By Dr Dyfan Powell, Wavehill
The ONS statistics show that thousands of young people leave the Arfor area each year. This is one of the structural weaknesses of the area’s economy. These young people are economically active and, as individuals who have been brought up in the areas, are very likely to be Welsh speakers. The loss to the area is economic and linguistic, and a previous blog published on our website has examined internal migration statistics, noting that around 8,000 people aged between 16 and 24 left the Arfor area in 2017-18, while around 7,000 have immigrated to the area.
Although the statistics help us to understand migration patterns over the years, including detail on individual destinations (around two thirds going to England), there is little research available on young people’s reasons and motives for leaving the Arfor area. Jones (2010) proposes that most individuals leaving the heartlands of west Wales do so for employment reasons. Jones’s work echoes Blackaby and Drinkwater’s research from the 1990s, which offered a similar debate, expanding by studying the success of Welsh speakers who have moved to south-east and north-east Wales.
‘It seems likely that many well-qualified individuals from west Wales have moved to larger cities because of the lack of suitable employment opportunities in rural areas… For whatever reason, Welsh-speakers appear to do better in the Welsh labour market than their non-Welsh-speaking counterparts.’ (Blackaby & Drinkwater, 1997: 167-168)
This is a familiar story for those interested in the field, the narrative of young people in rural Wales moving for a job in the city. It is important to respect and accept the findings of this research.
But, more recently, this purely economic theory has been challenged. The recent work of Cunnington-Wynn (2018), based on a series of interviews with young people in western and northern towns, concludes that the reasons and motives of youth migration are multi-layered and complex. Although economic and employment reasons were mentioned by young people, these were superficial, while issues of identity and sense of belonging were profound considerations for them.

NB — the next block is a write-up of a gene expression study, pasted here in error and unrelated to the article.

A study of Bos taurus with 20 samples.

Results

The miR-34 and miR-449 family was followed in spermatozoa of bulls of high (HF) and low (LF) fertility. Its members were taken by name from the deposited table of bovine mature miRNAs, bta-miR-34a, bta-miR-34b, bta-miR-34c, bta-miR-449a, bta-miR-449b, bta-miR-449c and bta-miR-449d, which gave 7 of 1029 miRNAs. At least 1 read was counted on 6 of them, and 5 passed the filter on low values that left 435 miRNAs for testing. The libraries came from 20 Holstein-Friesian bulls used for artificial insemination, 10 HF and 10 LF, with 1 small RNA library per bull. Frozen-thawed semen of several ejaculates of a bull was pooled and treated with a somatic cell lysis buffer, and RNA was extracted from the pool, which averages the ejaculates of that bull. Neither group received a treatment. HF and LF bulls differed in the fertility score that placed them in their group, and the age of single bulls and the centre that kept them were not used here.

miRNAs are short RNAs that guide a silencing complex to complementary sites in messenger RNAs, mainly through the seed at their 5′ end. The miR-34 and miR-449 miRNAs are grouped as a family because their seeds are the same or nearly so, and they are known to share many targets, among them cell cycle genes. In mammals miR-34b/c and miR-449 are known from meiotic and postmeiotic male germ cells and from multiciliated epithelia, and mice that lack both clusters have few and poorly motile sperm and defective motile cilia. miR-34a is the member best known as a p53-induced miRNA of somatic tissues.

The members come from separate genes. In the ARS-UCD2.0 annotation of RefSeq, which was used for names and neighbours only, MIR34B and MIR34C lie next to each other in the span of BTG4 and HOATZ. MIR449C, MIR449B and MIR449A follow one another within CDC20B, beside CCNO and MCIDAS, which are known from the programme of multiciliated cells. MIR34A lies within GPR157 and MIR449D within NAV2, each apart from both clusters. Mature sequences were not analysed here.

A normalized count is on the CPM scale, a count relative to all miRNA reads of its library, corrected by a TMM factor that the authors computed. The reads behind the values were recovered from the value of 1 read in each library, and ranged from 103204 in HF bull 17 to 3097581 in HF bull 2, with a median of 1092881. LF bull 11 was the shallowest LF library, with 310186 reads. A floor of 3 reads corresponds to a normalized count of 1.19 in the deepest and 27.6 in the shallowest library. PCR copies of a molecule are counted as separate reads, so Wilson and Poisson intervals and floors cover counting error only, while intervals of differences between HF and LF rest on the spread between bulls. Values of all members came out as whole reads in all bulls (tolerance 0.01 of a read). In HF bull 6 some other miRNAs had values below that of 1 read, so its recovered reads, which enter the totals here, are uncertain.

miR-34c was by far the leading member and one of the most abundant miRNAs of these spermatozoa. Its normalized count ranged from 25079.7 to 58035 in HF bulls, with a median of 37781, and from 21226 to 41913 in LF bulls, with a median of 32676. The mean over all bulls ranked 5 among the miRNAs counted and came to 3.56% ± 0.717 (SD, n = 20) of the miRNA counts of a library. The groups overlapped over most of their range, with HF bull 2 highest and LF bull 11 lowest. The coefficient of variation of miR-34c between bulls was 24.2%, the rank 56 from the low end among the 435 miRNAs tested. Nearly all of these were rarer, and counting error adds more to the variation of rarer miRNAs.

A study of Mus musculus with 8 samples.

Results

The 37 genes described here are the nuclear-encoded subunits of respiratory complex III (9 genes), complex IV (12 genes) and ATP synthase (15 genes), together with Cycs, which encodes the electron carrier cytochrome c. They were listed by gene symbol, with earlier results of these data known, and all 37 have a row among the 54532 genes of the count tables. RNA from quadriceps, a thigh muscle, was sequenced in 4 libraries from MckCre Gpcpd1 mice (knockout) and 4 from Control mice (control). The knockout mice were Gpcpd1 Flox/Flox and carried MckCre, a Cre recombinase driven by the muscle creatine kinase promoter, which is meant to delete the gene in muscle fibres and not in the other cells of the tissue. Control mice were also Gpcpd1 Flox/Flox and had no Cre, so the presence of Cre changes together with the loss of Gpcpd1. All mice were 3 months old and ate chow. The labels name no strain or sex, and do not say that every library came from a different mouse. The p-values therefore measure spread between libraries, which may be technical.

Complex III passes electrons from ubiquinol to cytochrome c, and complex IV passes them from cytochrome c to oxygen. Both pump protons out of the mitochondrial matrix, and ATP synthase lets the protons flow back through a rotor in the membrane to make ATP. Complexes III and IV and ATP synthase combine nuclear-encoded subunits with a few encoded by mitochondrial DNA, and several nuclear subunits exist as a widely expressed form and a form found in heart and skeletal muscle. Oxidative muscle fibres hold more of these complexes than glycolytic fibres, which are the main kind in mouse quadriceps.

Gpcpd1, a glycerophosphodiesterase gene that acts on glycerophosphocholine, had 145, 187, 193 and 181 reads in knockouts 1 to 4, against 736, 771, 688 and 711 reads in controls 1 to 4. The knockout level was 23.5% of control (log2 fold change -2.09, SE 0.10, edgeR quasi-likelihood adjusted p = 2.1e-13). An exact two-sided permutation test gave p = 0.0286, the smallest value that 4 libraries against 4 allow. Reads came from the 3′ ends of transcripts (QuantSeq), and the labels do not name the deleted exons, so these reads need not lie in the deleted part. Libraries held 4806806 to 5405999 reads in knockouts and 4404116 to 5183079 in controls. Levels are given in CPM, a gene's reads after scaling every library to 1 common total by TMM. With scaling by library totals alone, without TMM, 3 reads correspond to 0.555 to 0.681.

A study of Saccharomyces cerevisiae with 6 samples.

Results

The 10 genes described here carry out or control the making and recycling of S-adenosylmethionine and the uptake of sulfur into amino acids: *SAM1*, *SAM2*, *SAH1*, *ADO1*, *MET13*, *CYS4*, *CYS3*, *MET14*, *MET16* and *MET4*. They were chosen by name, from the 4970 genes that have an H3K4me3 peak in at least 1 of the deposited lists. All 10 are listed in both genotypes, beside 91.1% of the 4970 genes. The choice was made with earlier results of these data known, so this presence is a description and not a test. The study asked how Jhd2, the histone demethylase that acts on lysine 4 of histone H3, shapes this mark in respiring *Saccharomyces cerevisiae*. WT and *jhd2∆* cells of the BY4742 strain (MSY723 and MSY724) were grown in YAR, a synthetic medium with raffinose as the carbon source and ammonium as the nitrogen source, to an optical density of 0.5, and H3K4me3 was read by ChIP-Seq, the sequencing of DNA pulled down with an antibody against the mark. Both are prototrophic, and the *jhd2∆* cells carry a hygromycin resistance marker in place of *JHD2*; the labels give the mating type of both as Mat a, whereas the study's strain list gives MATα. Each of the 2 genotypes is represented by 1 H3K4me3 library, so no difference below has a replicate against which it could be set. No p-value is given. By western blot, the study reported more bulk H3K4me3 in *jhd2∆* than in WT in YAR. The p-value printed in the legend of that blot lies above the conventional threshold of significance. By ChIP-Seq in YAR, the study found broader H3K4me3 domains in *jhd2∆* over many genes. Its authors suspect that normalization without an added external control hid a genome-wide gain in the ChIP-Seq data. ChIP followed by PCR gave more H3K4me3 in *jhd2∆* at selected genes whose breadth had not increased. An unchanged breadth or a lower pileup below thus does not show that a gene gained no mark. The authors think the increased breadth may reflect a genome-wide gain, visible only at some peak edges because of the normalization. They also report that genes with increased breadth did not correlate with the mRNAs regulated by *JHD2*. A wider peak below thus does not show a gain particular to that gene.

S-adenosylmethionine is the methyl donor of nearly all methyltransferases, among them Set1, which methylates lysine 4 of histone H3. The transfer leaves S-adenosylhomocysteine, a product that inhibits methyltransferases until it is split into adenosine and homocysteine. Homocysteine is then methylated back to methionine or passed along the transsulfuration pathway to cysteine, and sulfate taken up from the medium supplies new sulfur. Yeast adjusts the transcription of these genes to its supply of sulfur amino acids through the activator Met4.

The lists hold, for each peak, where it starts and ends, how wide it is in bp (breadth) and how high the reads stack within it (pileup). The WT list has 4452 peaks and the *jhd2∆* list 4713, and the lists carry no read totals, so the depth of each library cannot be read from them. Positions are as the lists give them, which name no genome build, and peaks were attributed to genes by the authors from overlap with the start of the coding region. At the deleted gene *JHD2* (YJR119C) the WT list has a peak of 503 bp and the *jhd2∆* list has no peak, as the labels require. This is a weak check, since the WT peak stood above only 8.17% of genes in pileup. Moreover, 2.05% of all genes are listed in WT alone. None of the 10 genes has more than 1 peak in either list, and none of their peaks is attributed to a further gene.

‘The research found that emigration amongst young people from the Welsh-speaking areas is dependent on a number of complex and multi-layered factors, and does not reinforce the work of Jones (2010) which states that young people move from the traditional ‘Welsh’ communities for economic reasons only. Indeed, he discovered quite the opposite, namely that the choices of these young people were dependent on their sense of belonging and their patterns of integration into the communities concerned. Here, there is a discussion on the importance of Welsh language, culture and nationality considerations in relation to their sense of belonging and their patterns of integration.’ (Cunnington-Wynn, 2018: 60)
These findings are closer to wider research on rural migration and emigration, which accepts that wider and more complex factors than just employment drive young people to leave the areas where they grew up. This broader research points to the conservative and patriarchal nature of rural communities, and the tendency for women to emigrate where there is opportunity (i.e. if they do not care for others). Recent research, as well as the lessons from the wider literature on emigration, show the need for more scrutiny and research to understand the reasons of young people’s emigration, and not to accept the narrative that young people leave the Arfor area for employment reasons only.
There are clear policy implications for scrutinising the various factors that influence the choice of our young people to leave the Arfor area. The policy response to the loss of young people over the decades has focused on trying to create more and better jobs, in an attempt to persuade young people not to leave. But if these young people leave for other reasons, such as reasons relating to culture or identity, then offering more jobs is probably not an effective means of realising this objective.
 Arfor is a region of the counties of Carmarthenshire, Ceredigion, Anglesey and Gwynedd
 Indeed, a snapshot of the ONS emigration figures proposes that more women aged 16-24 leave the Arfor area each year than men. Since 2012, 15,546 men 16-24 emigrated but 17,121 women.